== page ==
First of all, Celldex is becoming widely known. There was already one article today on CLDX (Motley Fool). Undoubtedly, a lot of people will be talking and researching Celldex this weekend. Second, Celldex has 9+ drug candidates that are owned 100% by Celldex. Also, look what is coming soon.
The three-year, randomized, placebo-controlled, Phase I trial, known as DCVax-001, will enroll 45 healthy HIV-uninfected volunteers in New York City. Investigators will evaluate both the safety and immunogenicity of the vaccine candidate administered at three different doses, along with a fixed dose of an experimental adjuvant called Poly ICLC (Hiltonol) that was designed to activate innate immune responses. The volunteers will receive three subcutaneous vaccinations of either the vaccine candidate or placebo over 12 weeks, and will then be monitored for 12 months.
Researchers at Rockefeller have been working with Celldex Therapeutics, a biotechnology company headquartered in Massachusetts, on the development of the candidate vaccine. Celldex previously developed a vaccine candidate with a mAb fused to DEC-205 to target a tumor-associated antigen known as NY-ESO-1, but this is the first time an AIDS vaccine candidate has been constructed using this technology.
Estimated Enrollment: 45
Study Start Date: May 2010
Estimated Study Completion Date: May 2013
Estimated Primary Completion Date: May 2013 (Final data collection date for primary outcome measure)
Principal Investigator: Sarah Schlesinger, MD The Rockefeller University
Looks what’s coming at AACR!
Characterization of the response of human T cells to an agonist human anti-CD27 mAb
Monday, Apr 08, 2013, 1:00 PM - 5:00 PM
Karuna Sundarapandiyan, Laura Vitale, Biwei Zhao, Thomas O'Neill, Henry Marsh, Venky Ramakrishna, Tibor Keler. Celldex Therapeutics, Inc., Phillipsburg, NJ
APC targeting and maturation in the clinic
Tuesday, Apr 09, 2013, 11:05 AM -11:25 AM
Thomas A. Davis. Celldex Therapeutics, Clarksville, M.D.
The commercial potential of a cancer therapy not only depends on its efficacy and safety profile but also how many different cancers it can be used to treat. Huge amounts of money and time are spent developing cancer drugs, and if one is able to treat multiple indications due to its design, the return on investment could be substantial. The current king of multiple indications is Genentech's Avastin (bevacizumab), a single therapy that is used to treat multiple cancers. This anti-VEGF antibody is approved to treat four different cancers including colorectal, lung, renal, and brain along with off-label uses such as wet AMD and breast cancer. Sales of this blockbuster drug are expected to peak at $7.5 billion worldwide. Herceptin (trastuzumab), an anti-HER2/neu antibody also from Genentech, is approved for both breast and gastric cancers and has peak sales forecasts of about $6 billion worldwide.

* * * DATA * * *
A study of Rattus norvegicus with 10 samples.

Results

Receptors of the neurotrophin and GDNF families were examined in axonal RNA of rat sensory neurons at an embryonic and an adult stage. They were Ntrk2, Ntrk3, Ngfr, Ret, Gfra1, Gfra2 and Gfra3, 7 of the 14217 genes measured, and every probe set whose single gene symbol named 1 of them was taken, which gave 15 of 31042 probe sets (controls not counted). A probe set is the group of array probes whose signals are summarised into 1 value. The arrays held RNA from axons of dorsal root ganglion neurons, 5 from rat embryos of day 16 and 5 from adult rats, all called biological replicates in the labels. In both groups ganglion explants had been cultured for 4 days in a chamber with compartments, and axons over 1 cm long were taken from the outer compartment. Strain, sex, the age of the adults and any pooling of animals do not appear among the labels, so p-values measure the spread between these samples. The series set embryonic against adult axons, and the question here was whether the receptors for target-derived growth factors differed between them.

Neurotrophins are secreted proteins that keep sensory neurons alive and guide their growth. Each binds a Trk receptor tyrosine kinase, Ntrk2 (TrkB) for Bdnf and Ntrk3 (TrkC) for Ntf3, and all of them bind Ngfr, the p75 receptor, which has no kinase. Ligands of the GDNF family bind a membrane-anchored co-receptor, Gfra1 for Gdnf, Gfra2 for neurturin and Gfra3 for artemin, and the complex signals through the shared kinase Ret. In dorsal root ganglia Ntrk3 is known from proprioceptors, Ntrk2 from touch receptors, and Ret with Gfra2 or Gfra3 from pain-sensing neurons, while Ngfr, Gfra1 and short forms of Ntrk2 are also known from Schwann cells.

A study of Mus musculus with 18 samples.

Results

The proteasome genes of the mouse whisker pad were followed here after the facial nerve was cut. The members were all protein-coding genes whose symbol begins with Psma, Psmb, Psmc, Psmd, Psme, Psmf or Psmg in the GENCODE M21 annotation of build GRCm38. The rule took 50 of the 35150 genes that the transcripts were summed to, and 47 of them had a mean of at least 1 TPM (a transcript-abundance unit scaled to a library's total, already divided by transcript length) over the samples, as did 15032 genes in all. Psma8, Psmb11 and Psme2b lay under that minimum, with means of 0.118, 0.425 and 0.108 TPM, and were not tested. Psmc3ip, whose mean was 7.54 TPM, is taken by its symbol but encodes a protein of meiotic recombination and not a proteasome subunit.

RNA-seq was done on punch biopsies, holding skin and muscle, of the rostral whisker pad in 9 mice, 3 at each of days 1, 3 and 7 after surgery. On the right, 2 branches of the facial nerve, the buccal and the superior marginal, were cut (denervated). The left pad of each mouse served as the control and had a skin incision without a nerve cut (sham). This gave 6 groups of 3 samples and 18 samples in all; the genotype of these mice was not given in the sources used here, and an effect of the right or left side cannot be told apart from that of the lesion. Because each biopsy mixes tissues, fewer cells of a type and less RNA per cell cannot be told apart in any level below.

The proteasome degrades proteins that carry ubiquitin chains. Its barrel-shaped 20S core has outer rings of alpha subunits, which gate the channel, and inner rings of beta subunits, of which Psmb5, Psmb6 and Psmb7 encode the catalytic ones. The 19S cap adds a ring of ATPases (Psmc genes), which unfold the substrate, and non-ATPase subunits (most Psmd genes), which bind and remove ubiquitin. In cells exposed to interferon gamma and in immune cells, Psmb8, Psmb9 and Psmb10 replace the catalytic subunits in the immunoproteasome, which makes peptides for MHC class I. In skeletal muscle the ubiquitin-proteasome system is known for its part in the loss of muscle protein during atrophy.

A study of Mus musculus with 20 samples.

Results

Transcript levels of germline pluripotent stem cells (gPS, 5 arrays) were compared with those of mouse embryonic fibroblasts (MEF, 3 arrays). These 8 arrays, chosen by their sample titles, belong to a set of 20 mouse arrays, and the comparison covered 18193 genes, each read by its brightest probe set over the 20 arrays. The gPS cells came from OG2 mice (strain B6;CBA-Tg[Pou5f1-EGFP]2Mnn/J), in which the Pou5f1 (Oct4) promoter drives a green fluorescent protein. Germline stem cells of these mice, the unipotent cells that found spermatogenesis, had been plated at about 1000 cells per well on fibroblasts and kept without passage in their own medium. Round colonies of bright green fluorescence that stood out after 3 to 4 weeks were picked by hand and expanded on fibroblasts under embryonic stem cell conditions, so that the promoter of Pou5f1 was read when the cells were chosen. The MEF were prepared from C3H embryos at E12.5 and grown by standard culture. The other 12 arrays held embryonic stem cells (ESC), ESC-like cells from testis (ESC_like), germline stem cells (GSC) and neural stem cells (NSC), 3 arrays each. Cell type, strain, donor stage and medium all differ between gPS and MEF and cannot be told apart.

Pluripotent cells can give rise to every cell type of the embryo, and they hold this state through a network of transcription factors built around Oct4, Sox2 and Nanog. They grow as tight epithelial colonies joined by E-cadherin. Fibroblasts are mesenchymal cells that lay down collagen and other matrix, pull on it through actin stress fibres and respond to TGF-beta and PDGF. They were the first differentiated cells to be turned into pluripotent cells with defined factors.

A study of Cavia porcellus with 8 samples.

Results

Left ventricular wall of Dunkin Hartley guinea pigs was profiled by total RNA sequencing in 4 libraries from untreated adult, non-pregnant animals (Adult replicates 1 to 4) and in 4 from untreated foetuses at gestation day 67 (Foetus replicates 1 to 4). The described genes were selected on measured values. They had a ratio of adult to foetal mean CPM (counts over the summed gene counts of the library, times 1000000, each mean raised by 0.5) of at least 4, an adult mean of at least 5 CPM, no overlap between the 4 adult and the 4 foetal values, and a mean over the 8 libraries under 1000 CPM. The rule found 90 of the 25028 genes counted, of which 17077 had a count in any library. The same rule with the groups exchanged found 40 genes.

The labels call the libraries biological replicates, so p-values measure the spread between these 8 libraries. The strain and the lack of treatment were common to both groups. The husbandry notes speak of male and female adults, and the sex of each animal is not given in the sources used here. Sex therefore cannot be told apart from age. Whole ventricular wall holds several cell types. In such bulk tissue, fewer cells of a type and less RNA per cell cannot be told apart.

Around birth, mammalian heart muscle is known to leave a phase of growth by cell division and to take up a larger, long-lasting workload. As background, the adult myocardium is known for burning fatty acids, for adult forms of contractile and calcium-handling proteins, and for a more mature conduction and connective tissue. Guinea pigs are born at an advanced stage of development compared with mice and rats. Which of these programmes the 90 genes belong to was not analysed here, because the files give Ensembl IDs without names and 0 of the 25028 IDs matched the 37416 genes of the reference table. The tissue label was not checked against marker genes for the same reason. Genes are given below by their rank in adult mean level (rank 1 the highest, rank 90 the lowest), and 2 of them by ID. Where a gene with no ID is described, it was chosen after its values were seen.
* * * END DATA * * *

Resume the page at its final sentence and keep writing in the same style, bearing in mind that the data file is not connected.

Celldex Therapeutics' (CLDX) lead product, rindopepimut, which targets EGFRvIII is currently in a Phase III trial in patients with newly diagnosed GBM and a Phase II trial in patients with recurrent GBM. EGFRvIII is expressed in about one third of GBM patients but also reported in lung, breast, ovarian, and prostate cancers. Rindopepimut was partnered with Pfizer earlier, but the rights were returned to Celldex for unspecified reasons. Celldex's deep pipeline includes another product, CDX-1401, in a Phase I/II trial for several cancers. CDX-1401 is an antibody targeting dendritic cells linked to the TAA, NY-ESO-1. This TAA is widely expressed on several tumors: approximately a quarter of all lung, prostate, melanoma, bladder, esophageal, and ovarian cancers.